Initial thoughts: So in an ideal world, Louisville would be playing Villanova because both likely will start the season in the top 15. But as it is, it’s not too shabby.
Illinois was a late add after Maryland had to drop out because of scheduling conflicts. The Illini, with all five starters back, are a pretty good pickup. With all of those returnees in a league in transition, John Groce's squad will be a Big Ten dark horse, which is a pretty nice step up for a team that finished 7-11 in league play a year ago. Illinois will have to battle a pro-Villanova crowd, but if the Illini are looking to make an eye-opening statement, this could be the place to do it.
The same could be said for Indiana. The Hoosiers were a disappointment last season, and the fevered fan base is growing impatient for results. Losing Noah Vonleh and Will Sheehey doesn’t make things easy for Tom Crean but he has options, including Yogi Ferrell and Stanford Robinson, not to mention talented freshman wings James Blackmon and Robert Johnson. The real key is Ferrell; his maturation as a leader has to be on the fastest of fast tracks.
But like the Illini, if the Hoosiers want to turn some heads, upsetting a cross-river rival is a good way to do it.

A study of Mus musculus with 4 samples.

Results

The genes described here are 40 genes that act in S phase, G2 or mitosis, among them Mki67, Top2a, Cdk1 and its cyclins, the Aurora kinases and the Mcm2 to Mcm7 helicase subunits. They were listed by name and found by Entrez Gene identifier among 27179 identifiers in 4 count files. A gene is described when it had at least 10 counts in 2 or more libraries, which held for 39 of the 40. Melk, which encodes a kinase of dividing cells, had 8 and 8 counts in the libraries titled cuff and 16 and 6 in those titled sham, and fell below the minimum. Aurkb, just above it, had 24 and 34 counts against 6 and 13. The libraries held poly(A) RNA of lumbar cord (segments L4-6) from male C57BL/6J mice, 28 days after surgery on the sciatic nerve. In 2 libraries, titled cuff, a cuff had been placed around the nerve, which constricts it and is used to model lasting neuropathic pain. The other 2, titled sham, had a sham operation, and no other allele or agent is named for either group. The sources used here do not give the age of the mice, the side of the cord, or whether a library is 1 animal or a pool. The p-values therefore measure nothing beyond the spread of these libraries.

Why you'll want to watch: Louisville and Villanova. So the upstart opponents add some intrigue, but the real value in the Jimmy V comes from the headliners. Neither of these teams will be a hot pick to make the Final Four. Both of these teams could make the Final Four. Why? Because they have experience, and if UConn taught us anything, it’s the value of the veteran.
As soon as Montrezl Harrell said he would return to school, the Cardinals went from a good team to a very good team, maybe even one good enough to challenge for a national title. That’s not to say there aren't issues. Replacing Russ Smith is an issue. Getting Chris Jones to play better defense is an issue. But with Harrell, plus Mangok Mathiang inside, and Jones, Terry Rozier and Wayne Blackshear outside, and the fourth-best recruiting class in the country, there’s plenty for Rick Pitino to tinker with.
Jay Wright’s team, which won 29 games, is similarly loaded. Eight of the Wildcats’ top nine scorers return but more than that, they've been through the wringer. The Wildcats hit rock bottom before regrouping, and Wright has admitted he lost his way in recruiting. Now with players that suit his style, he has an experienced team and a gritty one. Individually JayVaughn Pinkston, Ryan Arcidiacono, Daniel Ochefu, Darrun Hilliard II and Josh Hart are good players. Collectively, they've become a great team.